COVINGTON - Residents are alarmed and angry and Covington officials are looking for answers following an article by Georgia Health News and WebMD revealing that the BD Bard plant on Industrial Boulevard is releasing a toxin into the air that has been determined to cause cancer. The article was reprinted with permission on the Citizen webpage Monday morning and an edited version appears in this print edition.
BD Bard, formerly C.R. Bard, has been releasing a gas called ethylene oxide into the air for decades. Ethylene oxide is used on about half the medical products in the U.S. that require sterilization, according to industry estimates. It’s also used to make other chemicals, like antifreeze.
In 2016, the federal Environmental Protection Agency (EPA) put ethylene oxide on a list of chemicals that definitely cause cancer. The EPA also updated a key risk number for the chemical to reflect that it was 30 times more likely to cause certain cancers than scientists had once known. Two years later, in 2018, the agency flagged 109 census tracts across the country, including Covington, where cancer risks were elevated because of exposure to airborne toxins. Yet the EPA made a decision not to put out a press release, and state regulators Environmental Protection Division (EPD) did not issue one, either.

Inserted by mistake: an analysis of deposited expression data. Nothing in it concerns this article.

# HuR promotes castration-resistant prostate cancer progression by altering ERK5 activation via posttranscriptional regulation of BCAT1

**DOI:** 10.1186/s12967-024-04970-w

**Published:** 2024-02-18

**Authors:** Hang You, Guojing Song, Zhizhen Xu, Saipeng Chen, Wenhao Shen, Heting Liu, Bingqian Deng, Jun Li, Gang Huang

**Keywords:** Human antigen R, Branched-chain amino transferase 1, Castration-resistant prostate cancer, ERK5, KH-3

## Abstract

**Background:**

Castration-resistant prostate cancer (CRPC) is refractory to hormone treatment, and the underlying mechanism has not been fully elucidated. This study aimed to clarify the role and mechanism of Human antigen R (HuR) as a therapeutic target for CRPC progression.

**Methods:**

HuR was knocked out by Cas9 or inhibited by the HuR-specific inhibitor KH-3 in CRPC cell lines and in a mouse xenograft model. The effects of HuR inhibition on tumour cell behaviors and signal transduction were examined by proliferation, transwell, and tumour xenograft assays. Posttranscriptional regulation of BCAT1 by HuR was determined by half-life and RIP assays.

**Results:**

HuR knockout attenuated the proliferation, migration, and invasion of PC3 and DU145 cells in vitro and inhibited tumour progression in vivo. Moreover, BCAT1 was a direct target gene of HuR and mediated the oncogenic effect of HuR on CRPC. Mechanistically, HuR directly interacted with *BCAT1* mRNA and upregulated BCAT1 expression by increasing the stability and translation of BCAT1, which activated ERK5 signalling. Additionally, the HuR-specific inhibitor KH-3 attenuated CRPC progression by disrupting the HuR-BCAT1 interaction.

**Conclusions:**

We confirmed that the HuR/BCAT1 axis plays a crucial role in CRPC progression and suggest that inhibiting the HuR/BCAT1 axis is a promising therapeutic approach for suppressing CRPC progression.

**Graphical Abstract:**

In the neighborhoods that have been impacted in Georgia, such as Covington, people are just hearing about the hazard — from Georgia Health News and WebMD — nearly a year after the federal government released its official list of the hotspots. And they’re not happy.
The city of Covington released the following statement concerning the information just now coming out:
“We just became aware of the article and the allegations against BD. Know that the safety of our citizens is our highest priority. We have reached out to the EPA, BD and our state representatives. As more information is gathered, the city will take appropriate action as necessary to protect our citizens.”
But residents who read the article on the Citizens’ website are alarmed and angry. Six hours after the article was posted, the Newton Citizen Facebook page had received 84 comments and 386 shares.
One Covington woman commented that something should have been done a long time ago.
“Beyond troubling? It's unacceptable! I've lost both of my parents to cancer and it makes me wonder if it could have been prevented had we moved out of this town because they are responsible! I'm angry and sad.”
Another city resident expressed concern that more than just residents who live in the area may be affected.
“What about the stores in that area that people shop at every day, the parks the kids play at, the ball fields, are any of them 'safe' to go to or work at anymore? The number of people that have gotten sick from that haven't been added to these numbers!”
A local real estate agent calls the area around the plant a "death trap."
“This company should pack their things up and go. This is horrible. My heart is broken! A broken heart won’t change the lives that have already been taken, those that are sick now, and those that will die later. Something needs to be done ASAP. How could the city or the state let this happen for so many years and not do anything. Do you really love your community? I’m so sad! As a real estate agent it makes me furious that so many purchased homes here just to die."